The Potential Reasons Your Homemade Canned Pickles Are Bitter

People have been pickling things since 2023 B.C. in India, per PBS. The word stems from the Dutch word pekel and northern German word pókel, which literally means to salt or brine — an essential to the pickling process that also includes water, sugar, and vinegar. Christopher Columbus brought pickles to the Americas in the 15th century because they were nutrient-rich, lasted a long time, and prevented scurvy, according to the History Channel. By the time World War II was in full swing, the U.S. government rationed the staple and 40% of them were sent to soldiers in combat — much for the same reasons Columbus found them to be a necessity. These days, Americans consume more than 20 billion pickles per year

But, when it comes to making these snack favorites at home, opinions vary on method with margin for error. If you're like Andy Griffith and Barney Fife who couldn't figure out why Aunt Bee's pickles tasted like kerosene, there may be no easy fix other than tossing the entire batch and starting from scratch. Whether you're making quick pickles, or perhaps in it for the long haul with wild fermentation for which the godfather of fermentation himself, Sandor Katz, suggests: "The biggest variables in pickle-making are brine strength, temperature, and cucumber size." That being said, there are several reasons why your canned pickles are coming out of the bath on the bitter side. 

Be mindful of your vinegar and spices

Many pickle recipes like this one from The Spruce Eats call for the addition of spices such as black pepper, mustard seeds, and allspice berries to your brine that can lean toward the bitter side naturally. So, if you've cooked your spices too long in the vinegar, or even were heavy-handed with the spices, these mishaps are primary culprits along with the fact that your vinegar's strength may also be off, per The National Center for Home Preservation (HFP). The organization recommends a 5% acidity solution for proper balance.

Never fear, though. Vinegar is your friend. It helps slow down and often prevents spoilage altogether. "When living organisms die, they activate several responses in the tissue that trigger the release of enzymes," Cornell University's processing expert, Dr. Bruno Xavier told Food & Wine. These enzymes are an early step in the decaying process, but the acid in vinegar saves the day and slows it down.

But, all vinegars aren't created equal. For example, balsamic vinegar is great for finishing recipes, but it's not the best as a cooking ingredient because heat can destroy its intended nose. Instead, reach for distilled white vinegar or apple cider vinegar for a cleaner palate primed for pickle making. Simply bring your recipe's brine solution to a boil and simmer for three minutes to meld the flavors.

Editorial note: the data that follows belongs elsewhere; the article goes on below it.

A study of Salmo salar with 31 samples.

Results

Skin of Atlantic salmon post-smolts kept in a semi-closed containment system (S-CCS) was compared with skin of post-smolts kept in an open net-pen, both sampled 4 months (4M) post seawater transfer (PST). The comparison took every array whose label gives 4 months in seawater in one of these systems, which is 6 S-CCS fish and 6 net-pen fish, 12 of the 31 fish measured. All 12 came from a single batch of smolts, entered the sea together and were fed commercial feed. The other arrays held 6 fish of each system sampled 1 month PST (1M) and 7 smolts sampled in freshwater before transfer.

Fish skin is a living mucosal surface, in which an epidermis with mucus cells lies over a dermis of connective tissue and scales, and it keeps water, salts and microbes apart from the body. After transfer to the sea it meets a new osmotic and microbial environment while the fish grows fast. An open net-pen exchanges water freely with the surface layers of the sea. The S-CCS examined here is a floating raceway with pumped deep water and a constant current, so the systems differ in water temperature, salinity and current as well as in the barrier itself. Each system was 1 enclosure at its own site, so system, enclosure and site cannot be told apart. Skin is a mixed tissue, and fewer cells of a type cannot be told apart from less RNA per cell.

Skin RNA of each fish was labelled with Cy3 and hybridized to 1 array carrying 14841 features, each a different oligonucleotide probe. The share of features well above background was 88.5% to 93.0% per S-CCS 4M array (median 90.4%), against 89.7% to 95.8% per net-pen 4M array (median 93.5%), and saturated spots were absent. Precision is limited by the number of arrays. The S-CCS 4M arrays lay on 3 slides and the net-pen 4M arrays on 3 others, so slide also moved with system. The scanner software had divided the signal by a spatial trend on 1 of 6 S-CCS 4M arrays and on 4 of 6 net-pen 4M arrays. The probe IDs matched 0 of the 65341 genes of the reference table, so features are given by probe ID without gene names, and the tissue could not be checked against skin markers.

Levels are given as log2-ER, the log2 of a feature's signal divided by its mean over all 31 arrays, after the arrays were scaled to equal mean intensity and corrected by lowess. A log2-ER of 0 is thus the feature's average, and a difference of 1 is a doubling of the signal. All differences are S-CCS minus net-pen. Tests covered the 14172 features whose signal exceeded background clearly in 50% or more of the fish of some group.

Bitterness can be hiding in the peel

While you can control the type of vinegar and spices you use, there is one element of pickle making you can't control: the weather. When cucumbers are stressed by dry weather and drought, a compound called cucurbitacin will inevitably show its bitter cards in the vegetable's skin. While no one likes a bitter pickle, the compound plays an important role for the vegetable as it grows. "Bitterness is a good defense against animals that might eat them—including humans," explains Jonathan Deutsch, a professor of culinary arts and food science at Drexel University to Epicurious. He recommends cutting the cucumber ends off prior to peeling, otherwise every time your peeler hits the cucumber's flesh it will continue to spread the bitterness.

However, in a perfect world, it's ideal to leave the cucumber skin on as it boasts high levels of antioxidants, promotes hydration, and according to Healthline, may even promote regularity. But, they are useless if the pickle is inedible. By tasting the cucumbers prior to processing, you'll eliminate the batch's risk of undue acridity. But, if your cucumbers did fall victim to the weather, no need to throw them out quite yet. Simply peel and cut them in ¼-inch thick discs as in John Willoughby's Easy Cucumber Pickles adapted by The Splendid Table. 

Nothing beats the real thing when it comes to salt

Omitting salt in your brine is not an option for fermented pickles because the safety and texture of a batch depends on it. And, while salt isn't completely necessary in a non-fermented recipe, salt combined with acid aids in preserving the pickles for a shelf life of up to 2 years for unopened jars (per Can It Go Bad?). Plus, they just taste better.

Still, Americans consume more than 3,400 milligrams of sodium daily — well beyond the recommended 2,300 milligrams per day, according to the CDC. So, in the name of heart health, some opt for a salt substitute such as Mrs. Dash. These alternatives often contain potassium chloride, which is known to reduce the presence of sodium in the diet by nearly 70%, according to WebMD. But, potassium chloride doesn't block bitter notes like sodium does because it "doesn't activate the same taste cells," Paul Breslin, PhD, a member of the Monell Chemical Senses Center and professor of nutritional sciences at Rutgers University explains to Consumer Reports. He adds that our bodies need sodium to function, which is why we crave it so much.

But, if you're still worried about your salt intake, this quick dill pickle recipe bypasses the canning process and only requires one tablespoon of salt for the entire batch. These quickles don't need a lot of salt because they're so delicious that they won't last long.